Happy 65th Birthday Mervyn Day
Mervyn Day was born in Chelmsford, Essex on the 26th June 1955 – as a spot of trivia, he was educated at the same primary school as Sir Geoff Hurst, Kings Road Primary School, and represented Essex Schools at all levels. ‘Merv’ joined Ron Greenwood’s West Ham on a youth contract in 1971 and signed a professional contract two years later. Day’s father passed away when Mervyn was just 17 – Greenwood signed Day on full terms to enable the young goalkeeper to earn a little more money to help out at home.
Day (pictured below with another Hammers goalkeeping great Ernie Gregory) made his West Ham United debut on a rainy 27th August 1973 in a 3-3 home draw with Ipswich at the age of 18 and, just a season later, he was keeping a clean sheet against Fulham at Wembley as part of the Hammers’ 1975 FA Cup winning side. He was named the PFA Young Player of the Year for 1974/75 – Tony Cottee is the only Hammer to have won the award since, while no other goalkeeper has claimed the award since Day. The young custodian experienced European competition the following season, playing in every round of the club’s run to the European Cup Winners’ Cup Final where they were defeated 4-2 by Anderlecht.
Day’s form and confidence began to tail off and, after relegation to the Second Division in 1978, John Lyall signed Phil Parkes, paying a world record fee for a goalkeeper in the process. On breaking into the first team, Ron Greenwood had declared that Day was “the West Ham goalkeeper for the next ten years”. Day never quite lived up to that heady expectation and, after 237 appearances between the sticks for West Ham United, Day’s Hammers career came to a close on 10th February 1979 in exactly the same way as it had started, with a 3-3 draw at Upton Park, although this time the opposition was Sunderland in the Second Division. He signed for Leyton Orient for a fee of £100,000. He was chosen as the England ‘B’ substitute goalkeeper against New Zealand at Leyton in October 1979 and was made club captain in 1982.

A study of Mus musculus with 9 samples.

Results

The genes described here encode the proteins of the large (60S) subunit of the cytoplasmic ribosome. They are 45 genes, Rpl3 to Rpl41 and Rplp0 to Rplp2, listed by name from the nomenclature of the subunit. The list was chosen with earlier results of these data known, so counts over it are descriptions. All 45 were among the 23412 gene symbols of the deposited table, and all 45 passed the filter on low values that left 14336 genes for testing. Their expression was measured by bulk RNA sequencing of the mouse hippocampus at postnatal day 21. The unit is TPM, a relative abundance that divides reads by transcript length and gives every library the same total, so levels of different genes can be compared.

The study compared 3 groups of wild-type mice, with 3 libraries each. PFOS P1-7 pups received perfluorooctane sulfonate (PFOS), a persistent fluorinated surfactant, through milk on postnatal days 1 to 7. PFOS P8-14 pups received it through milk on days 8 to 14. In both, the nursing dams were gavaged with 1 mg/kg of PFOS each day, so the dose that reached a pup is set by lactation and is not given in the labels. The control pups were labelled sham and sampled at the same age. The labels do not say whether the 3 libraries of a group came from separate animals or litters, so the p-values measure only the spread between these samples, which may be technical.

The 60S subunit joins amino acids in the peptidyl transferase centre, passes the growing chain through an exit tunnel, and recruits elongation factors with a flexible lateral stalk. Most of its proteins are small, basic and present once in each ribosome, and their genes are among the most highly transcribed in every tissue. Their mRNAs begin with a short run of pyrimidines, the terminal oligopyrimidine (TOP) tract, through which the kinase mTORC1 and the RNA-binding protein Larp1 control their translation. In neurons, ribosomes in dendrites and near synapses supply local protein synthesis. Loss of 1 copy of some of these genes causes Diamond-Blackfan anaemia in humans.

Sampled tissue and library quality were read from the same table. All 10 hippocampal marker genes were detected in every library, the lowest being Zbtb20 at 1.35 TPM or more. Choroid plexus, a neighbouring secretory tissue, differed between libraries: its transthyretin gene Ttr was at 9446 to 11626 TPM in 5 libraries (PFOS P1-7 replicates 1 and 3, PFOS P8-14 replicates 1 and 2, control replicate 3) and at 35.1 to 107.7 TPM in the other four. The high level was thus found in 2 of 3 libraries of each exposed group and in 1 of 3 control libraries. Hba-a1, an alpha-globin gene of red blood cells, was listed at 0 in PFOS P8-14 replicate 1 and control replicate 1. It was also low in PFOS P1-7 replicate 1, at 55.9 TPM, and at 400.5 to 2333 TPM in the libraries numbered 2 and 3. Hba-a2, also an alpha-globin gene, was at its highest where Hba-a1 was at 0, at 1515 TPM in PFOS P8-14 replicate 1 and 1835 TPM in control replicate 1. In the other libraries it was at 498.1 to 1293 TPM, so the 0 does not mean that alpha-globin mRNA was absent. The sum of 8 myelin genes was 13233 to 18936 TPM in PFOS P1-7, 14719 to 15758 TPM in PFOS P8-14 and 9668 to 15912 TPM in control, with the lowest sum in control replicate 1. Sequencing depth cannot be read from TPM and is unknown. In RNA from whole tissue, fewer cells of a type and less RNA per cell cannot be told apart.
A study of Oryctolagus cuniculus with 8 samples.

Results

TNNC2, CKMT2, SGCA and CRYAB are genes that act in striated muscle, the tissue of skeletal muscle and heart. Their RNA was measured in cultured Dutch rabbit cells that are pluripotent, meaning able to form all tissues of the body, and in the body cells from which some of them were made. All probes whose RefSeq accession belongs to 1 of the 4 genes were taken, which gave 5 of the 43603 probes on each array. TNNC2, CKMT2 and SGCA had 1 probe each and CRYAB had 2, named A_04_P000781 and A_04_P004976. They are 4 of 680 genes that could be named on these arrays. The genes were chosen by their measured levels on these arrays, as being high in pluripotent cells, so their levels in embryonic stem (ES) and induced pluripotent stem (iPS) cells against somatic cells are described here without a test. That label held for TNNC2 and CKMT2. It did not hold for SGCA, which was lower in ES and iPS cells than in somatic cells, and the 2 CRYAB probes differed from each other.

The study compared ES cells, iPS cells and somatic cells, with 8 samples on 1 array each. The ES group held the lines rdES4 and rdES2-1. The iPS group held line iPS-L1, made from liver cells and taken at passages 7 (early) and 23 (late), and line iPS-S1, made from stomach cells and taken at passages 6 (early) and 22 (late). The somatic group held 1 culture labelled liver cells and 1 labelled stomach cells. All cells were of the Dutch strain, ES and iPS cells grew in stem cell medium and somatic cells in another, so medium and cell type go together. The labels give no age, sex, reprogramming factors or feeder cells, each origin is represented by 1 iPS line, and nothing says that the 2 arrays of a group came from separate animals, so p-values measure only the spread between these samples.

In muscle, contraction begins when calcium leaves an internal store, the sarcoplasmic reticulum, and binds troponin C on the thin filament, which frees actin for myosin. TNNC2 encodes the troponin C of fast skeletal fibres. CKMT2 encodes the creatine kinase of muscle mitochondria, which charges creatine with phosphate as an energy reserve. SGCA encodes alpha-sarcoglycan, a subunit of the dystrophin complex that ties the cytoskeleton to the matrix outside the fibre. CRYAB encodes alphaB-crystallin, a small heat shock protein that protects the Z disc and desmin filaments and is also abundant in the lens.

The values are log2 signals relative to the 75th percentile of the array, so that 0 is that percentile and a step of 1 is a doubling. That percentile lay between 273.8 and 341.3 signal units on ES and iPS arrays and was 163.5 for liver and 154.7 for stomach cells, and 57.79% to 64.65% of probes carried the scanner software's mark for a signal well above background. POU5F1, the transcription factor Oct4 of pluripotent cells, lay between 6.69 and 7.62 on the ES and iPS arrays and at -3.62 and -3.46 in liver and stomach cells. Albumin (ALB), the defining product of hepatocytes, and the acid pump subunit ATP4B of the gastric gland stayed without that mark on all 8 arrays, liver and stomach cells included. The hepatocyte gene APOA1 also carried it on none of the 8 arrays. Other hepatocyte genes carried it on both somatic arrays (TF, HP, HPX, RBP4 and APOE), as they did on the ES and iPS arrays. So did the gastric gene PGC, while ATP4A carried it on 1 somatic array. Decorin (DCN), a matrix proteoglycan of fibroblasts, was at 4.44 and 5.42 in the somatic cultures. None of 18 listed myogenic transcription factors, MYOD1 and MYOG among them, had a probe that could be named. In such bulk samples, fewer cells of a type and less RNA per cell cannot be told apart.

After four years rebuilding his confidence with our east London neighbours, the 28-year-old Day signed for Aston Villa as cover for Nigel Spink in 1983 for a fee of £15,000. He teamed up with former Hammers team-mate Alan Curbishley at Villa Park – a partnership that was to be resurrected later in the pair’s careers. After two years at Villa, Day was on the move again, this time to Leeds where he spent a successful eight years helping restore the Elland Road club to the top flight and being part of the squad that won the 1991/92 First Division title. He spent two brief loan spells with Luton and Sheffield United before ending his playing career with Carlisle, having appeared in over 700 league and cup matches.
Day spent just over a season as manager of Carlisle from August 1996 to September 1997 before becoming Curbishley’s first-team coach at Charlton. He followed ‘Curbs’ back to where it all began, becoming assistant manager of West Ham United in December 2006 and staying through to Curbishley’s resignation in September 2008. He has since worked as chief scout at Leeds, been Head of Recruitment at Brighton and West Brom, and been Head of Scouting at Bristol City. Day, 65 today, is currently First Team Domestic Scout at Steven Gerrard’s Rangers.